How you can banish common mistakes defending the ruck
SESSION OF THE WEEK: Defensive Line Speed, Organisation and Ruck Defence
Improve your team's understanding and performance when defending at the ruck - teaching them to defend as an aggressive, loud and confident unit
In groups of 2 they will attack, passing the ball before they reach each unique cone, so when they have passed in front of a cone - that cone is no longer unique and they can move beyond it.
Following their pass they must realign, taking steps back to get ready to come onto the next pass.
They keep going until they finish the entire grid.
When one group is at least two cones ahead, the next group can go.
All passes must be legal.
Place a defender at the first cone, having them move back one each time. Even by staying static - they will apply pressure to the attack.
Increase the distance between the cones, increasing the length of the pass.
Make all the passes flat, for the attackers to run onto.
Increase the number of player in the attack to three, this will mean quicker hands.
Don't feel that you have to focus on all of the following coaching points, you may have your own. Select the points that most closely match your overall training and session goals.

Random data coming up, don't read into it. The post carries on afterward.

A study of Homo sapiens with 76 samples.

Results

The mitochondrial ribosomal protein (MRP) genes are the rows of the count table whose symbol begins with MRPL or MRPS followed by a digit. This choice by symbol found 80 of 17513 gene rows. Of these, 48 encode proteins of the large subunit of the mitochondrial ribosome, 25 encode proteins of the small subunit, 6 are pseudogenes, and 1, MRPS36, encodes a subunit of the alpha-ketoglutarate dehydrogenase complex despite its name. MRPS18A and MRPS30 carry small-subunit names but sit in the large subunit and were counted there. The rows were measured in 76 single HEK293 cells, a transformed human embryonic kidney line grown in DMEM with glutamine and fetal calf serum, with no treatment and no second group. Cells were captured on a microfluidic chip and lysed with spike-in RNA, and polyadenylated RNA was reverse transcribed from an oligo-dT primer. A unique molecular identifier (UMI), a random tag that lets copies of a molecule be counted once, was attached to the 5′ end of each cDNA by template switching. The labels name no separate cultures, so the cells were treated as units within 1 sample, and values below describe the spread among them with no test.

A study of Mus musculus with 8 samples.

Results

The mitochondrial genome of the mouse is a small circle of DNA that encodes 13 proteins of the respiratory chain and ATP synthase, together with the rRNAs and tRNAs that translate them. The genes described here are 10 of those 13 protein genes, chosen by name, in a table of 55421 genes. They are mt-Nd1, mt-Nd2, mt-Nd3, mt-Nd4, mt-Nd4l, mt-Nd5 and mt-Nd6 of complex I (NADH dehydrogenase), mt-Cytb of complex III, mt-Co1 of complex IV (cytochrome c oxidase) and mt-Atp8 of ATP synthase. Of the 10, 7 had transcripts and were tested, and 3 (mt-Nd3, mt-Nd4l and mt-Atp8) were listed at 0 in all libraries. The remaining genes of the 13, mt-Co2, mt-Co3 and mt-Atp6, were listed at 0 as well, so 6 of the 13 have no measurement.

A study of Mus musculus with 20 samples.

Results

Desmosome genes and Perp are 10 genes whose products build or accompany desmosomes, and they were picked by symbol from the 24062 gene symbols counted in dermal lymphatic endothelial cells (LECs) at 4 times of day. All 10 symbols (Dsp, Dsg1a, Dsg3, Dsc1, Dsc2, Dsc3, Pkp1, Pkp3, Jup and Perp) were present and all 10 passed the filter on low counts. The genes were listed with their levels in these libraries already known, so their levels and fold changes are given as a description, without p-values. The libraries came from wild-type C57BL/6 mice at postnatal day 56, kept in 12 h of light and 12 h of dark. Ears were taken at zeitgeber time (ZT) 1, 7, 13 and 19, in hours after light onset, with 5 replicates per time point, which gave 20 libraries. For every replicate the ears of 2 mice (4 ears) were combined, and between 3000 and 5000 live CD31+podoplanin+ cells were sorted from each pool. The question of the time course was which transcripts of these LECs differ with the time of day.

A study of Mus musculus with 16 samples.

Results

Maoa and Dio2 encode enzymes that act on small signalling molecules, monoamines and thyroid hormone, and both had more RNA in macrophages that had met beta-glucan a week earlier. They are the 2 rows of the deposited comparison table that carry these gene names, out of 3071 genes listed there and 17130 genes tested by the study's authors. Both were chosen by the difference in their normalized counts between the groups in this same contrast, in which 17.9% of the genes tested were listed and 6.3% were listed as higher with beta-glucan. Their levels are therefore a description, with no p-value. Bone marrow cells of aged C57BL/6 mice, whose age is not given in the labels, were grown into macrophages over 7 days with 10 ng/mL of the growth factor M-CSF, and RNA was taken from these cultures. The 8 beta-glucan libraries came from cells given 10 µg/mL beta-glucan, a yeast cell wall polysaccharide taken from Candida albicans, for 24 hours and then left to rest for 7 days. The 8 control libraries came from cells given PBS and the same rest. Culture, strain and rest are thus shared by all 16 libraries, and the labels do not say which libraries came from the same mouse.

The tempo of this exercise must be high as a skill is only a skills when it can be preformed under pressure, and this exercise applies pressure. There is no point in pushing the tempo of this exercise beyond the ability of the players to meet their targets.
Ball carriers work a speed they are initially comfortable with, building more in more speed and faster decision making as they go - while retaining passing quality.
Passes are weighted correctly in terms of speed, distance, and accuracy. Spin passes are not used when they do not need to be. But if needed - they are.
The ball carrier uses effective, efficient, and encouraging communication to ensure that they receive the ball when they want it - and to ensure that they have enough time and space to make their pass.
Players should aim to get into a rhythm - they need to loosen up and establish a tempo.
Players should feel that the next pass and catch is the most important.
Following a pass, players take up to 8 steps back.
Players explode onto the ball at speed, completing their pass before the cone.
The cone is a defender, if they can't get the pass away - they have been tackled.
When passing, ball carriers draw the pass, in one motion, across their body.
Receivers present targets and have their hands up, ready to catch.
Relievers can clap their hands to establish a target.
The work rate will need to be high, lazy running and a low work rate will force the attack to grind to a halt.